Thursday, August 16, 2012
Return to Panzari's
One of my earliest blog posts was a review of Panzari's in Corn Hill, in April 2009. I gave them a pretty scathing review, and a D-minus to go along with it. Part of that was due to my chagrin that a place that advertised wood-fired pizza would serve me a pizza made in something akin to a waffle iron.
But I've wondered, since then, if I just caught them on a bad day, and I figured that now that they've got some increased competition, in the form of Tony D's across the street, maybe they've stepped up their game. So I went back.
I ordered the same pizza as last time, the "Margarita" (still misspelled), not just because I like that style but because I figured it would make for a fair comparison with what I had last time.
Interestingly, Panzari's website now advertises "Brick Oven-Fired Pizza," not wood-fired pizza as before. "Brick oven-fired pizza" doesn't really make any sense to me; "brick oven pizza," or "wood-fired pizza," I get, but "brick oven-fired pizza" is meaningless.
Semantics aside, though, OK, I get that they are not doing, or claiming to make, wood-fired pizza these days, just pizza baked in a brick oven. Fair enough, and certainly a brick oven can produce excellent pizza, regardless of the heat source.
But to my disappointment, if less than complete surprise, my pizza was about the same as before. The thin-to-medium crust was soft, with a lot - and I mean a lot - of corn meal adhering to the bottom. Much of the corn meal was blackened. Now I like corn meal well enough, in some contexts (polenta, for example), and I use it myself sometimes to keep my pizza dough from sticking to the peel, but every bite here included a gritty dose of the stuff. Not good.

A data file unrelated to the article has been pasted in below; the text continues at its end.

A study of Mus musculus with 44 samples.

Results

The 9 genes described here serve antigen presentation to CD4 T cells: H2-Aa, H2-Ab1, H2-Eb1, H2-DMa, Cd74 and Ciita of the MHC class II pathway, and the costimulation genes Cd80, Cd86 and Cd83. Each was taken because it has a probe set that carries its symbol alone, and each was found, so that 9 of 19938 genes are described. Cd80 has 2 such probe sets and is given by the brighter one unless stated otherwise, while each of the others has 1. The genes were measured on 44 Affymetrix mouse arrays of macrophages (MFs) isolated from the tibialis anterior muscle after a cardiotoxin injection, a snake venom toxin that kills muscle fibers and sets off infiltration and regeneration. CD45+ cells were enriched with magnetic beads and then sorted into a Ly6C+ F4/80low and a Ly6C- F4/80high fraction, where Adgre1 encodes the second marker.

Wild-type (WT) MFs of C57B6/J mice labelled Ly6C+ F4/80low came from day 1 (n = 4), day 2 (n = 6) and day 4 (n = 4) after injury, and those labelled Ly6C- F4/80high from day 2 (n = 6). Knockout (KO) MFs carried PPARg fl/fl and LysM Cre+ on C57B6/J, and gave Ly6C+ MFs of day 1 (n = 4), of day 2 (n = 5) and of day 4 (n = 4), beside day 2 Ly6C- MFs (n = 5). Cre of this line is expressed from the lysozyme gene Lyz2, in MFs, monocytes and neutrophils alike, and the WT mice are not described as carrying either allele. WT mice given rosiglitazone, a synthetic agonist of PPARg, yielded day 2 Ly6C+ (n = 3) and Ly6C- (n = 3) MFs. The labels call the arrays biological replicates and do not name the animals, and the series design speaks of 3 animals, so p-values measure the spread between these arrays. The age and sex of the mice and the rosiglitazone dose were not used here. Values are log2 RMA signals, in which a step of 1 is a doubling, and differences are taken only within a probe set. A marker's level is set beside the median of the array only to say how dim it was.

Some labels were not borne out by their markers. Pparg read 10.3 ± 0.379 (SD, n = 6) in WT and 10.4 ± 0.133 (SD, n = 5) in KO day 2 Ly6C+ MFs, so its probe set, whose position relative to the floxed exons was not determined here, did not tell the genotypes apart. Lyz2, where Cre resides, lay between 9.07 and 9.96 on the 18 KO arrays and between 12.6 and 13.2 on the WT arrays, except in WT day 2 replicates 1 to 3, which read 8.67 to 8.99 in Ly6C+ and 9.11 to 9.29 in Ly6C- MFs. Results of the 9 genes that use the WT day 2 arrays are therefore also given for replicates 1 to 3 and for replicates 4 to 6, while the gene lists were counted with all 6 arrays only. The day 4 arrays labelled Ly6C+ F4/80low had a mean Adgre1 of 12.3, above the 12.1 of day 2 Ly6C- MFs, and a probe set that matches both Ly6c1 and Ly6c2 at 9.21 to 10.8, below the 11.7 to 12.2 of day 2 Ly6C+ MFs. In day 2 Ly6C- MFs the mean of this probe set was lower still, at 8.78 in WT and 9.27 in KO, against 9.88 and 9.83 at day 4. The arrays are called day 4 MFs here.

Aside from that sooty corn meal, and a little browning along parts of the edge, the crust was pale and uninteresting. It had a pleasant enough flavor, but texturally, it was dull. Whatever advantages might be gained by the use of a brick oven weren't apparent here.
The toppings didn't help much. Granted, I could've opted for bolder, more flavorful toppings, but there's no reason that a Margherita can't have an interesting, complex flavor profile. This pie had a thick layer of melted mozzarella (which in itself wasn't bad, or wouldn't have been, in combination with the right other toppings), fresh but bland tomato slices, a smattering of shredded basil, and a bit of garlic. As I've said before, better to use good, canned tomatoes (like San Marzano tomatoes from Italy) than flavorless fresh tomatoes. And to me, the basil on a Margherita should do more than just supply the third color of the Italian flag. It should add flavor and aroma. The few shreds on this pizza may have added up to a single basil leaf, and were barely noticeable on my palate. The garlic was a welcome addition, but wasn't able to rescue this pizza from mediocrity.
Once again, then, a very disappointing pizza from Panzari's, and undoubtedly my last, barring word of significant changes there. Thanks to my dropping pluses and minuses from my grades, this gets a half-step bump up from Panzari's previous D-minus, but the letter grade remains stuck at D.
Panzari's Italian Bistro, 321 Exchange Blvd., Rochester 14608
Mon. - Thu. 11 a.m. - 9:30 p.m., Fri. 11 a.m. - 10 p.m., Sat. 4:30 p.m. - 10 p.m., Sun., 4:30 p.m.–9 p.m.